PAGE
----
1

Have a script that generates a rtmp stream that runs inside a screen using ffmpeg but this fails for some reason? If it run it directly in the command line it works so I tried to run it by opening > screen , running it and closing the screen with ctrl + d but even so it sometimes closes for reason.

Is there a way to log the stderr from ffmpeg inside the script to see why the command fails inside the script but works when run directly?

#!/bin/bash

if [ "$1" = "run" ]; then
        source $HOME/.bash_aliases
        while [ 1 ]; do 
ffmpeg -f x11grab -s 1000x563 -framerate 30 -i $DISPLAY+10,151 -f pulse -ac 2 -i default -c:v libx264 -preset ultrafast -tune zerolatency -x264opts keyint=30:min-keyint=10 -b:v 2000k -pix_fmt yuv420p -s 1000x562 -c:a aac -b:a 160k -ar 44100 -t '4:00:00' -threads 0 -f flv rtmp://IPADDRESS:1935/live1/$CHANNEL
        done
else
        killall -9 ffmpeg > /dev/null 2>&1
        sleep 5s;
        screen -ls | grep ffmpeg > /dev/null 2>&1
        if [ "$?" = "1" ]; then
                screen -mdS ffmpeg $0 run
        fi
fi

Thank you ~

2
  • Is this your full script? How does it know the value of $CHANNEL? – nxnev Jan 5 '18 at 9:07
  • $channel is defined in $HOME/.bash_aliases – C.Astraea Jan 5 '18 at 9:15
3

Is there a way to log the stderr from ffmpeg inside the script to see why the command fails inside the script but works when run directly?

Here you go, forward stream 2, stderr, to a file in tmp. Oh, and because you do not want it to overwrite the tmp file all the time, add the PID to its name:

my_command 2> /tmp/ffmpeg_error$$.log

Now, applied to your ffmpeg:

ffmpeg -f x11grab -s 1000x563 -framerate 30 -i $DISPLAY+10,151 -f pulse -ac 2 -i default -c:v libx264 -preset ultrafast -tune zerolatency -x264opts keyint=30:min-keyint=10 -b:v 2000k -pix_fmt yuv420p -s 1000x562 -c:a aac -b:a 160k -ar 44100 -t '4:00:00' -threads 0 -f flv rtmp://IPADDRESS:1935/live1/$CHANNEL 2> /tmp/ffmpeg_error$$.log
1

Without more information the first thing that comes to my mind is that when you run the script you probably have a minimal environment. Are you running it from cron? If so you may not have access to $CHANNEL for example.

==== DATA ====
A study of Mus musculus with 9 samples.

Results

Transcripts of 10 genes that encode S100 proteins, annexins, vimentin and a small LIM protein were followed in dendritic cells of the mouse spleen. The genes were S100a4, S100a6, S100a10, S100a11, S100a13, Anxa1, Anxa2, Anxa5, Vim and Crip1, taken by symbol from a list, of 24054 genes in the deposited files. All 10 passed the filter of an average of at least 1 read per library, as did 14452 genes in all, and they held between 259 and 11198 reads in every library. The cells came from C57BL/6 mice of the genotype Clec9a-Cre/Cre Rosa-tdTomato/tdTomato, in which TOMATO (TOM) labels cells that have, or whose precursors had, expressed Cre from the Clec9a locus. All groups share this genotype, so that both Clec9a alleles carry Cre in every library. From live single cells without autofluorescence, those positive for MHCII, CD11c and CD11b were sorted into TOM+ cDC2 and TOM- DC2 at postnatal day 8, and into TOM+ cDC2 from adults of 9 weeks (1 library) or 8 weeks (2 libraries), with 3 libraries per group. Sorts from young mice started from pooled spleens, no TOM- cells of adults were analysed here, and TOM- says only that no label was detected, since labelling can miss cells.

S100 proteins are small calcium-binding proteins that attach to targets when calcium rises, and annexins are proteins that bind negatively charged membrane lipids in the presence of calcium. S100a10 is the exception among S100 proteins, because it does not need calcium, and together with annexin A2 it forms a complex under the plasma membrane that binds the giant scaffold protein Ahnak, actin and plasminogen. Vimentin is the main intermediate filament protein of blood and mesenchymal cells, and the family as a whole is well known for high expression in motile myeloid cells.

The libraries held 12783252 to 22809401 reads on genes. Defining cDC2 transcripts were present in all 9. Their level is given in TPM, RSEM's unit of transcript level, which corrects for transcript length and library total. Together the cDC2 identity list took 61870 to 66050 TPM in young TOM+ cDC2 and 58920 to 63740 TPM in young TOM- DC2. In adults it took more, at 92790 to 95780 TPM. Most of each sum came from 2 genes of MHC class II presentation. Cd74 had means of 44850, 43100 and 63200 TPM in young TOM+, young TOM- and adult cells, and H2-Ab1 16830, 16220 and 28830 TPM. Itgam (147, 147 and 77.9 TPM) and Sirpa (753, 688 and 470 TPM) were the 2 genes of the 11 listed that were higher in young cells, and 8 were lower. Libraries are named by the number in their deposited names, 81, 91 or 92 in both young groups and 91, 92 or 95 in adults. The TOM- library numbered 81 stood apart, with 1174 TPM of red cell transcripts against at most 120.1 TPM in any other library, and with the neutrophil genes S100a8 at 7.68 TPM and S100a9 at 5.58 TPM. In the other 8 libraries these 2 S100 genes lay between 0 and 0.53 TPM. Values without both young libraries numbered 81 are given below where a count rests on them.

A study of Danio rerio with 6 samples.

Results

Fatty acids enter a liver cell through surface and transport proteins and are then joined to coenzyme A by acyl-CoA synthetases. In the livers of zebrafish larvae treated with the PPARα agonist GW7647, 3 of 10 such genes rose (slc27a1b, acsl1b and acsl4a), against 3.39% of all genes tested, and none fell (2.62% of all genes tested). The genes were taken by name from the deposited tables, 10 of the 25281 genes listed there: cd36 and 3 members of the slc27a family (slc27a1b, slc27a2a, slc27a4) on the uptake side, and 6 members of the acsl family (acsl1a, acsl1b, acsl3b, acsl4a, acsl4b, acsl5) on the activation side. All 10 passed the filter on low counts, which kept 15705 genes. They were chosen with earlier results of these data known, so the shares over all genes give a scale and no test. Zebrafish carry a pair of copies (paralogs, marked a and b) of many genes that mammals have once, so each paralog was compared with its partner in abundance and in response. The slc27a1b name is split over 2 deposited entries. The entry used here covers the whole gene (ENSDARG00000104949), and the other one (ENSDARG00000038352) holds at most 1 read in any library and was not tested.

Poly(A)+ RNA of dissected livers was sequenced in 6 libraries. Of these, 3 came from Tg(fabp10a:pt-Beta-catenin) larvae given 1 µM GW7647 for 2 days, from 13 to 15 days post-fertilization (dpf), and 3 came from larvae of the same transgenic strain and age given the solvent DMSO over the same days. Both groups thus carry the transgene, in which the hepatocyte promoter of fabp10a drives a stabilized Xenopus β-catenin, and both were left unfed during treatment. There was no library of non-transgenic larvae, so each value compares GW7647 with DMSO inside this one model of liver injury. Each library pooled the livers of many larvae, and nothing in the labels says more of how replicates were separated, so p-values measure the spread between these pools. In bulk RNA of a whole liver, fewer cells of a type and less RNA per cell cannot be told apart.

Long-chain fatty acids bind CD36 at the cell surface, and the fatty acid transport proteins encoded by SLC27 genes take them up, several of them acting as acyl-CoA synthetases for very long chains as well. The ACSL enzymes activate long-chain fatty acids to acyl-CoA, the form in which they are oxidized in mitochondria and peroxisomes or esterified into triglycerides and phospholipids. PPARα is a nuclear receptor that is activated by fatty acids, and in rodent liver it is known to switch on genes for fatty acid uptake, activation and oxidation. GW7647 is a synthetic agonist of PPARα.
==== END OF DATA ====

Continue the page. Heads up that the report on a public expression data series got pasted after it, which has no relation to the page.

In any case, you may call your script using 2> to redirect standard error output to a file. For example:

./script.sh > result.log 2> error.log

If you are calling ffmpeg from a script then you should add redirections at the end of your ffmpeg command inside that script. You would do something like this inside your script:

ffmpeg (your-params-here) > result.log 2> error.log
4
  • Generated the files but are empty. For the moment just running it from the command line ./script – C.Astraea Jan 5 '18 at 9:17
  • Modified my answer to clear up that you should add redirections at the end of your ffmpeg command – Calabacin Jan 5 '18 at 11:10
  • 2>> error.log – Hauke Laging Jan 6 '18 at 15:52
  • @HaukeLaging 2>> can be used to add at the end of a file instead of deleting de contents and start at the beginning, but I do not think he wants that. – Calabacin Jan 17 '18 at 14:44
0

Try the -nostdin flag to ffmpeg.

Although possibly not directly related to the top-posters original question, this is the top search result at the moment for "ffmpeg fails from within script", so I'm sharing my finding anyway in the hopes that someone else is helped.

I hit this whenever running ffmpeg from within a cat 'file' | while read INFILE ; do loop. Running ffmpeg outside of that loop or by itself would work fine. Adding the loop would cause it to dump data to console. I'm not exactly sure why but adding -nostdin cured my issue, as I think the while read and ffmpeg were fighting over stdin. I'm open to hearing other peoples explanations as to why -nostdin worked in my case.